Alessandro Nencini, the president of the Florence, Italy appeals court, which reinstated the murder conviction against Amanda Knox and her former boyfriend, Raffaele Sollecito, spoke out on Jan. 31, 2014 about the verdicts, hinting at reasons for the controversial rulings, according to The Independent.
Judge Nencini also said the court had determined there was a motivation for Meredith’s killing and noted that reasons behind the new verdicts would surface when the judgment is published within the next few months.
He also stated, “…all I can say is that at 20.15 that night, they had different plans; then these were ditched and the occasion [to commit the crime] was created… If Amanda had gone to work she probably wouldn’t be here now. There were coincidences and on this we have developed our reasoning. We realize this will be the most controversial part.”
On Jan. 30, 2014, the court sentenced Knox to 28 ½ years behind bars for the crime, while Sollecito was sentenced to 25.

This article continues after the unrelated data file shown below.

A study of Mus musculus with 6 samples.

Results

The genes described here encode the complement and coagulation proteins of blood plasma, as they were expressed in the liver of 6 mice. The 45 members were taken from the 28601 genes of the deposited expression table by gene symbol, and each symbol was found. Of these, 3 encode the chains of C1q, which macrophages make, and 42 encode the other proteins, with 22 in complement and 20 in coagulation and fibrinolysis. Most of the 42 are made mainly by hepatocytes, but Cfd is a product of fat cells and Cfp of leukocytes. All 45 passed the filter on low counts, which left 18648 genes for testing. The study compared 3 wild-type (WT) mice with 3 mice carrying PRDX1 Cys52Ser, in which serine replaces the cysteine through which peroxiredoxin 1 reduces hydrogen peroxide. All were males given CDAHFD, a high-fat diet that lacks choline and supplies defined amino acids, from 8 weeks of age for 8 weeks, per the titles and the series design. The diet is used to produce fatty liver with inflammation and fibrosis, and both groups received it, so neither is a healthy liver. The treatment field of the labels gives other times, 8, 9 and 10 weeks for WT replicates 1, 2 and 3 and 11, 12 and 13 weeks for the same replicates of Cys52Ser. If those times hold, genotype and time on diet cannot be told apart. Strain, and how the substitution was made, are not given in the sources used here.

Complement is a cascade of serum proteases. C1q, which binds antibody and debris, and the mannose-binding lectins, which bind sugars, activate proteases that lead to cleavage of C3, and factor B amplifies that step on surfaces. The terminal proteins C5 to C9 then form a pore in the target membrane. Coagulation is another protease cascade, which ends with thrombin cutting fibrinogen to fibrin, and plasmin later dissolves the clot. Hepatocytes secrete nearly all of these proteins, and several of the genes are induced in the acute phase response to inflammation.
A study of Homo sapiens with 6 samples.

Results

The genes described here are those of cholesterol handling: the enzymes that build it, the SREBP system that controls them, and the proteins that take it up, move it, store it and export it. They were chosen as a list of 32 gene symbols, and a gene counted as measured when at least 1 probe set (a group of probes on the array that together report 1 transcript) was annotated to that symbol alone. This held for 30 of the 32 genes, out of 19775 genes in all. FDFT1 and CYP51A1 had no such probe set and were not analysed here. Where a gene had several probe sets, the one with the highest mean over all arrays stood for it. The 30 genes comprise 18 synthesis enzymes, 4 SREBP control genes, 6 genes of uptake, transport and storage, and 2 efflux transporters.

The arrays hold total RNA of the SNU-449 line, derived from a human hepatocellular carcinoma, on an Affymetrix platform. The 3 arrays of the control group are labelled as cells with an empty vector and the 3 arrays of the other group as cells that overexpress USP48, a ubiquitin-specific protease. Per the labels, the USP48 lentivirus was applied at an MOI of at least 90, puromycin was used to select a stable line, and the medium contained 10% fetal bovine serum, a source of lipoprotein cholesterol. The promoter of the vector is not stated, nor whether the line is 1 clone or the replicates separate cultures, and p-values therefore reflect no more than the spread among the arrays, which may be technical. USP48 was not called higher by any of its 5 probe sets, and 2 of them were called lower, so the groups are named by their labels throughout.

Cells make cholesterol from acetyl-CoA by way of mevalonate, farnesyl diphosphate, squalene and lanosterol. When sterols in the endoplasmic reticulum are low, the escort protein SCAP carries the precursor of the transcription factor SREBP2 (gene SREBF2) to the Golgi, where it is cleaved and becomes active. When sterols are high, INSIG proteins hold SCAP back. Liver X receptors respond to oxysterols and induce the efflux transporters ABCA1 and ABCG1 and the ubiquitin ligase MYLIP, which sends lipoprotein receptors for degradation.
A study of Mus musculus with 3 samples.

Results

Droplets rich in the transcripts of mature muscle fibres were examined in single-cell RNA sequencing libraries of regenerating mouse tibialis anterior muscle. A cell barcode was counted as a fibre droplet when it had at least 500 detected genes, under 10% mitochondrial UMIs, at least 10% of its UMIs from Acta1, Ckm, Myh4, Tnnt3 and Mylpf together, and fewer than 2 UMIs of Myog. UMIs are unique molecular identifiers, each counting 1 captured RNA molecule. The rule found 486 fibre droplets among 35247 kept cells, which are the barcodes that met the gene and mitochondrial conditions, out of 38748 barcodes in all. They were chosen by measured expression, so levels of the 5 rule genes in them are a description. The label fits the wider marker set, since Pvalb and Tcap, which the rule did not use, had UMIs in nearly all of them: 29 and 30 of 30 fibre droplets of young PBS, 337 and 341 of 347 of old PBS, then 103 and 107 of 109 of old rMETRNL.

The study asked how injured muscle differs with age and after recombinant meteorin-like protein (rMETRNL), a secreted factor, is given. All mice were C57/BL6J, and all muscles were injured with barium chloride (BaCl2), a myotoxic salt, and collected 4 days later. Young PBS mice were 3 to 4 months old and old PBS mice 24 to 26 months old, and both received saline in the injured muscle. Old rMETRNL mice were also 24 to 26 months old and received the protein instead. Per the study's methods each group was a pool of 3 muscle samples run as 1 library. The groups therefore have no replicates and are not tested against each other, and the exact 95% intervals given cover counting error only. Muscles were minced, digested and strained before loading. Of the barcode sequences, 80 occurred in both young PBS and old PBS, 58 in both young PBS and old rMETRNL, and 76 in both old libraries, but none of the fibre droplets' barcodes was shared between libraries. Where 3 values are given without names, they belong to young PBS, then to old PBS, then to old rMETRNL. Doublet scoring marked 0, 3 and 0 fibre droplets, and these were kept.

Knox was convicted in Dec. 2009 of the 2007 killing of Meredith, 21, with whom she shared a cottage in Italy. The American student was initially sentenced to 26 years behind bars in an Italian prison.
Also found guilty of participating in the murder was Sollecito, who was sentenced to 25 years in prison, and drifter Rudy Guede who had his initial 30-year sentence reduced to 16 during an appeal.
In Oct. 2011, a panel of judges overturned both Knox and Sollecito’s convictions and acquitted the two of murder.
Knox and Sollecito were released from prison and she subsequently returned to her hometown of Seattle, Wash., while he remained in Italy. Knox has not returned to Italy since.
On March 26, 2013, Italy’s highest court overturned Knox and Sollecito’s acquittals and a new murder trial began in September.
Sollecito was detained on Jan. 31 near Austria by Italian police. He has subsequently said he was not trying to leave the country, but had crossed the border with his girlfriend and had returned to Italy to spend the night at a hotel in the mountains, reports the Irish Independent.